Co-Working Spaces May Soon See a Surge in Activity | Realtor Magazine
Co-working and flexible workspace providers saw business quickly dwindle as the COVID-19 pandemic struck last spring and the shift to remote work began. These businesses sublet space on short-term contracts, which allowed tenants to leave quickly as employees moved to working from home.
However, investors and analysts are turning bullish that co-working and flexible office providers such as WeWork and IWG could soon see a boom in business as workers return to offices.
Still, there’s a lot of catching up to do. WeWork’s occupancy rate globally plunged to 47% at the end of 2020. It lost $3.2 billion last year, The Wall Street Journal reports. Before the pandemic, co-working spaces were the fastest-growing type of office space in commercial real estate, according to JLL. But the pandemic struck the sector particularly hard.
On the other hand, traditional property service providers have been more protected in the pandemic since their tenants sign long-term leases. Even as offices have remained mostly empty, building owners could still collect rent.
But moving forward, property providers may be more drawn to shorter-term leases. As such, investors are seeing signs that co-working spaces could hold a special attraction to offices moving forward.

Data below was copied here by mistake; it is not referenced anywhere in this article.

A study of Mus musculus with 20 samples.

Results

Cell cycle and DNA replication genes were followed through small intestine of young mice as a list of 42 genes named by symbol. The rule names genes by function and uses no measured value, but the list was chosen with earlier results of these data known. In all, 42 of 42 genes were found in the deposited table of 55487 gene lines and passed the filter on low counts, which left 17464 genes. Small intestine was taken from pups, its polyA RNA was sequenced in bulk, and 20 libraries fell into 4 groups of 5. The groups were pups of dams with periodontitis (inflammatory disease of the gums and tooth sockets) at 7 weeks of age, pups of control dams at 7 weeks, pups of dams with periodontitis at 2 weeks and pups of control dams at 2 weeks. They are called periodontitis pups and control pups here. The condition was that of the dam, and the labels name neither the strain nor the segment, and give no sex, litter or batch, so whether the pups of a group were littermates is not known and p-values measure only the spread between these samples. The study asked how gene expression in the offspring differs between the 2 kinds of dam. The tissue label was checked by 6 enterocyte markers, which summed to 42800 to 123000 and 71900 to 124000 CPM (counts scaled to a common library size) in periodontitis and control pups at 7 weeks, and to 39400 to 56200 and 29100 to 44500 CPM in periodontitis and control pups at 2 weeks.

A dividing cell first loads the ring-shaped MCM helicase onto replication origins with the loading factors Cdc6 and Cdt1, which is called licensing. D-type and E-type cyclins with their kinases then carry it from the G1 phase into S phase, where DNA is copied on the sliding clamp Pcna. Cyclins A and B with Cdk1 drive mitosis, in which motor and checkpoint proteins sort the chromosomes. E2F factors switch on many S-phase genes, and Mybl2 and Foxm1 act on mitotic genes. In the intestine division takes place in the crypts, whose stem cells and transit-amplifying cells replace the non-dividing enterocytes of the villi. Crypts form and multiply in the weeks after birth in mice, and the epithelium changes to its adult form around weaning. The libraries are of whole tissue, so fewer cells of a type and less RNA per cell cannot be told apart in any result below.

Flexible leases could grow from less than 5% of the market today to as much as 30% by 2030, the real estate firm JLL forecasts.
Co-working spaces could grow as an option as companies may be reluctant to sign a 10-year lease until they better understand what the future of work will look like and how employees will divide their time between home and office. “Some may turn to looser office arrangements longer term, accelerating a trend already building before the pandemic,” says reporter Carol Ryan for The Wall Street Journal.
Companies that press forward with a remote office likely will still find they need a space to meet in-person at times. Also, some offices may decide on a hybrid workweek approach—splitting time between the office and home—which could also cause companies to look at flexible office space as an option.
“Co-working spaces have the potential to provide vital business services to support the remote workforce closer to where they are, especially as residual anxieties linger over taking public transit,” Brent Capron, design director of interiors at architecture firm Perkins and Will’s New York studio, told CNBC in an article on co-working spaces.